Aesthetic Technologies of Modernity, Subjectivity, and Nature: Opera, Orchestra, Phonograph, Film [EPUB]

Aesthetic Technologies of Modernity, Subjectivity, and Nature: Opera, Orchestra, Phonograph, Film [EPUB]
Aesthetic Technologies of Modernity, Subjectivity, and Nature: Opera, Orchestra, Phonograph, Film by Richard Leppert
2015 | EPUB | 43.97MB

Virginia Woolf famously claimed that, around December 1910, human character changed. Aesthetic Technologies addresses how music (especially opera), the phonograph, and film served as cultural agents facilitating the many extraordinary social, artistic, and cultural shifts that characterized the new century and much of what followed long thereafter, even to the present. Three tropes are central: the tensions and traumas—cultural, social, and personal—associated with modernity; changes in human subjectivity and its engagement and representation in music and film; and the more general societal impact of modern media, sound recording (the development of the phonograph in particular), and the critical role played by early-century opera recording.

A principal focus of the book is the conflicted relationship in Western modernity to nature, particularly as nature is perceived in opposition to culture and articulated through music, film, and sound as agents of fundamental, sometimes shocking transformation. The book considers the sound/vision world of modernity filtered through the lens of aesthetic modernism and rapid technological change, and the impact of both, experienced with the prescient sense that there could be no turning back.

Writing Brave and Free: Encouraging Words for People Who Want to Start Writing [EPUB]

Writing Brave and Free: Encouraging Words for People Who Want to Start Writing [EPUB]
Writing Brave and Free: Encouraging Words for People Who Want to Start Writing by Ted Kooser, Steve Cox
2014 | EPUB | 3.42MB

Sometimes setting pen to paper requires bravery, and writing well means breaking free of the rules learned in school. Liberating and emboldening the beginning writer are the goals of Ted Kooser and Steve Cox in this spirited book of practical wisdom that brings to bear decades of invaluable experience in writing, teaching, editing, and publishing.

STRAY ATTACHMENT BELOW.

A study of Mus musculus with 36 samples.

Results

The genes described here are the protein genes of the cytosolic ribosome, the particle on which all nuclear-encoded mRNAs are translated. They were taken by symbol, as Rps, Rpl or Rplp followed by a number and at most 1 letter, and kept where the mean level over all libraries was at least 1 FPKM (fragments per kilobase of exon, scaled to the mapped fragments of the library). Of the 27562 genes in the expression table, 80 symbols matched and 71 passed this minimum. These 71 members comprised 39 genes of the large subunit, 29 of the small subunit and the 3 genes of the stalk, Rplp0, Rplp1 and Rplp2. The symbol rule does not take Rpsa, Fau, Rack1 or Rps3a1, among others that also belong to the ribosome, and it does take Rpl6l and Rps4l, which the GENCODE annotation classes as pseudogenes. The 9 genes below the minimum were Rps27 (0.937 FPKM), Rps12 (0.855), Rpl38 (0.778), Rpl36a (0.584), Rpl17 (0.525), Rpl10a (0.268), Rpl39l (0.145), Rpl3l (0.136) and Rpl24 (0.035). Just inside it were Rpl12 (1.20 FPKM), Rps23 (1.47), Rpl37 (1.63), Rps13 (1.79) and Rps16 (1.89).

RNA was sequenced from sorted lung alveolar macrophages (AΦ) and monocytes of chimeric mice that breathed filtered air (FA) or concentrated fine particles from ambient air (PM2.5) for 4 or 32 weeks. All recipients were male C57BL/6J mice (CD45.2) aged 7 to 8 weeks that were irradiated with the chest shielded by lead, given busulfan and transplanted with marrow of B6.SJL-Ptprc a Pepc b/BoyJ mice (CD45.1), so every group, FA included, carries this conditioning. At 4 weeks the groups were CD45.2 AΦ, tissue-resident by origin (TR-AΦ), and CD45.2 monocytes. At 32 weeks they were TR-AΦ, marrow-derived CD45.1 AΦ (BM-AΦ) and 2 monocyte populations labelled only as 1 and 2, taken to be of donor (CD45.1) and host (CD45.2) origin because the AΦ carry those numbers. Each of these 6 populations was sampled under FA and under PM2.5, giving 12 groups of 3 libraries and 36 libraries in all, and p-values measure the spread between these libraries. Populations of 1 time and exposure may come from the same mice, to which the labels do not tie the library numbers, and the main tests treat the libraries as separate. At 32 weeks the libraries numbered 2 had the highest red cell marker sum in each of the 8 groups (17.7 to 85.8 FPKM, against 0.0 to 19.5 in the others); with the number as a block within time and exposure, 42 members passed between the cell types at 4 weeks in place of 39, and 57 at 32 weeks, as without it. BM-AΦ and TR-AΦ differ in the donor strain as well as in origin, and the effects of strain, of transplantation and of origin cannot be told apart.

Unlike “how to write” books that dwell on the angst and the agony of the trade, Writing Brave and Free is upbeat and accessible. The focus here is the work itself: how to get started and how to keep going, and never is heard a discouraging word such as “no,” “not,” or “never.” Because of the wealth of their experience, the authors can offer the sort of practical publishing advice that novices need and yet rarely find. Organized in brief, user-friendly chapters—on everything from sensory details to a work environment, from creating suspense to revising and taking criticism—the book allows aspiring (and practicing) writers to dip in anywhere and find something of value.

Neopoetics: The Evolution of the Literate Imagination [EPUB]

Neopoetics: The Evolution of the Literate Imagination [EPUB]
Neopoetics: The Evolution of the Literate Imagination by Christopher Collins
2016 | EPUB | 1.58MB

The quest to understand the evolution of the literary mind has become a fertile field of inquiry and speculation for scholars across literary studies and cognitive science. In Paleopoetics, Christopher Collins’s acclaimed earlier title, he described how language emerged both as a communicative tool and as a means of fashioning other communicative tools—stories, songs, and rituals. In Neopoetics, Collins turns his attention to the cognitive evolution of the writing-ready brain. Further integrating neuroscience into the popular field of cognitive poetics, he adds empirical depth to our study of literary texts and verbal imagination and offers a whole new way to look at reading, writing, and creative expression.

Collins begins Neopoetics with the early use of visual signs, first as reminders of narrative episodes and then as conventional symbols representing actual speech sounds. Next he examines the implications of written texts for the play of the auditory and visual imagination. To exemplify this long transition from oral to literate artistry, Collins examines a wide array of classical texts—from Homer and Hesiod to Plato and Aristotle and from the lyric innovations of Augustan Rome to the inner dialogues of St. Augustine. In this work of “big history,” Collins demonstrates how biological and cultural evolution collaborated to shape both literature and the brain we use to read it.